Mon | Jan 24, 2022 | 6:38 PM PST, the popular DeFi (Decentralized Finance) site used by millions to trade cryptocurrencies, recently acknowledged a security incident that impacted 483 of its users.

The threat actor(s) behind the incident were able to access these accounts without the 2FA (two-factor authentication) control that would normally be required of users, resulting in some staggering losses for the organization. Unauthorized withdrawals from the 483 accounts totaled 4,836.26 ETH, 443.93 BTC, and $66,200 in "other cryptocurrencies." described the incident:

"On Monday, 17 January 2022 at approximately 12:46 AM UTC's risk monitoring systems detected unauthorized activity on a small number of user accounts where transactions were being approved without the 2FA authentication control being inputted by the user.

This triggered an immediate response from multiple teams to assess the impact. All withdrawals on the platform were suspended for the duration of the investigation. Any accounts found to be impacted were fully restored. revoked all customer 2FA tokens, and  added additional security hardening measures, which required all customers to re-login and set up their 2FA token to ensure only authorized activity would occur.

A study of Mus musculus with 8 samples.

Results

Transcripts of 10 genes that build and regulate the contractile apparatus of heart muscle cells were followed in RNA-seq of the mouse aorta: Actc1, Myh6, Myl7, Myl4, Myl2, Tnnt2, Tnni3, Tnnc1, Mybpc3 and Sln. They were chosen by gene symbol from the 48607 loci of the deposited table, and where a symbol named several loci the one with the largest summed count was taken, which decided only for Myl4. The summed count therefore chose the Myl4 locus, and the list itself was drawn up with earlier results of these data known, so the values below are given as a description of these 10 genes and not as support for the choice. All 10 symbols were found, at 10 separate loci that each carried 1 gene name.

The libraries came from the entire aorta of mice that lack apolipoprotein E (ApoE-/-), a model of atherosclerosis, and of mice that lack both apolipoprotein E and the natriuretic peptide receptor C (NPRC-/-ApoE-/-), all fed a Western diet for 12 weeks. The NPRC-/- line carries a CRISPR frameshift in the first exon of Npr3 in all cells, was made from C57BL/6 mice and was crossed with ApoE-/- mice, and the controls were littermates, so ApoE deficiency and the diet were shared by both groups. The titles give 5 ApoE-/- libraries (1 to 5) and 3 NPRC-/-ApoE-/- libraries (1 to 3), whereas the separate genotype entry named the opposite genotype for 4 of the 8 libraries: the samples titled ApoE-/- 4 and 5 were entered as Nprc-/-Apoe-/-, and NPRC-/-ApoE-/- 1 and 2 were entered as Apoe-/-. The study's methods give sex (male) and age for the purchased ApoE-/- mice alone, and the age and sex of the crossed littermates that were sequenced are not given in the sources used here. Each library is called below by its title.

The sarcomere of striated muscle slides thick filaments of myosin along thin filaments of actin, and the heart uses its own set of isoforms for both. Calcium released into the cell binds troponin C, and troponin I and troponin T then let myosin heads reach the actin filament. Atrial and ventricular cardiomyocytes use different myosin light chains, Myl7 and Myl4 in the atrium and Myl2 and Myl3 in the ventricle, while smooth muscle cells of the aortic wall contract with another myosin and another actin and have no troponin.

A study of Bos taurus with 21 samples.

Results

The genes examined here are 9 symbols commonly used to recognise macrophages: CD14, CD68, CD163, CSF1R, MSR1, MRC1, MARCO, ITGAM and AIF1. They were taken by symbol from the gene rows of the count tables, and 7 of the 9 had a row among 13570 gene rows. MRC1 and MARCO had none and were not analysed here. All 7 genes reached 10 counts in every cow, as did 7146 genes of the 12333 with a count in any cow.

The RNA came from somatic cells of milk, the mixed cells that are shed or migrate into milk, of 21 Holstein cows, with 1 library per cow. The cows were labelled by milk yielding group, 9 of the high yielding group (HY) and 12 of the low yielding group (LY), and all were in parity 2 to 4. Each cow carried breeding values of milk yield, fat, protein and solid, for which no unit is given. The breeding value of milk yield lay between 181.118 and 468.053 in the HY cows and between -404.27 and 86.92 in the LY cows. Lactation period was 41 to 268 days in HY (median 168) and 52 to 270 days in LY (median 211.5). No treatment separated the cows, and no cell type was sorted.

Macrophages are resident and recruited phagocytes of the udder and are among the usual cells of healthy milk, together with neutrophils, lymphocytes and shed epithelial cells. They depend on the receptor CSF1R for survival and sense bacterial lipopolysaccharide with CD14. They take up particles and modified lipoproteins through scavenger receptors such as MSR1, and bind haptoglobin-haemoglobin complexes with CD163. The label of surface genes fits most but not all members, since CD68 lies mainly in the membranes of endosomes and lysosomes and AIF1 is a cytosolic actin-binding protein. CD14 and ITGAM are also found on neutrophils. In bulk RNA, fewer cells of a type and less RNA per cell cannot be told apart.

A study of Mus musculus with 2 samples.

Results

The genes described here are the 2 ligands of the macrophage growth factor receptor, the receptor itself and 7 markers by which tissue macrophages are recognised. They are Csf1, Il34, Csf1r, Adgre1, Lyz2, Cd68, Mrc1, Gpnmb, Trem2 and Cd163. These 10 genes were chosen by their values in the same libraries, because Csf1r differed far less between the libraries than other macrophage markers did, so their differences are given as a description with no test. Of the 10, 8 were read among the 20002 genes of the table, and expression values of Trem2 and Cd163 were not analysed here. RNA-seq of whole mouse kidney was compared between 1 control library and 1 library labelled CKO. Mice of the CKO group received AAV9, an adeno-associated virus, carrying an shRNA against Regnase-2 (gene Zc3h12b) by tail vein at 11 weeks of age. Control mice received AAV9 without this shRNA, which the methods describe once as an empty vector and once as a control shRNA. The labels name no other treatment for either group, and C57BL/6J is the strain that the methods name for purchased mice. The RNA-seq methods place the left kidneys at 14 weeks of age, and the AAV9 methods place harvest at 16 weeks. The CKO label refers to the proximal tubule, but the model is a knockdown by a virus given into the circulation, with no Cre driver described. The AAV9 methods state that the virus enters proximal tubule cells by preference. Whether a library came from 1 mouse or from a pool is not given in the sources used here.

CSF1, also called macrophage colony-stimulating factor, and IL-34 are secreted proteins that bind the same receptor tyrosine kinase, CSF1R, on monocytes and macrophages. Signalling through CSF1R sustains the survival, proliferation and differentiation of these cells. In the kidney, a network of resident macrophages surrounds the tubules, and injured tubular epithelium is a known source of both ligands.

Downtime of the withdrawal infrastructure was approximately 14 hours, and withdrawals were resumed at 5:46 PM UTC, 18 January 2022." revamps 2FA

Following the incident, looked into how it could improve security moving forward, which includes a "completely new 2FA infrastructure."

It says that all 2FA tokens were revoked in order to ensure the new infrastructure was in effect, and that during this revocation phase, mandatory 2FA policies were placed on the frontend and backend to protect users.

The company also added an extra layer of security with a mandatory 24-hour delay between registration of a new withdrawal address and the first withdrawal. Users will be notified when new addresses are added, allowing them time to respond if the address is unauthorized.

To further evaluate the company's security posture, a "full audit of the entire infrastructure" was conducted with multiple improvements to be implemented soon, according to the company.

It also states that it will gradually move away from 2FA to true MFA (multi-factor authentication) as part of its pledge to better protects users.

None of the 438 users effected by this incident experienced a loss of funds.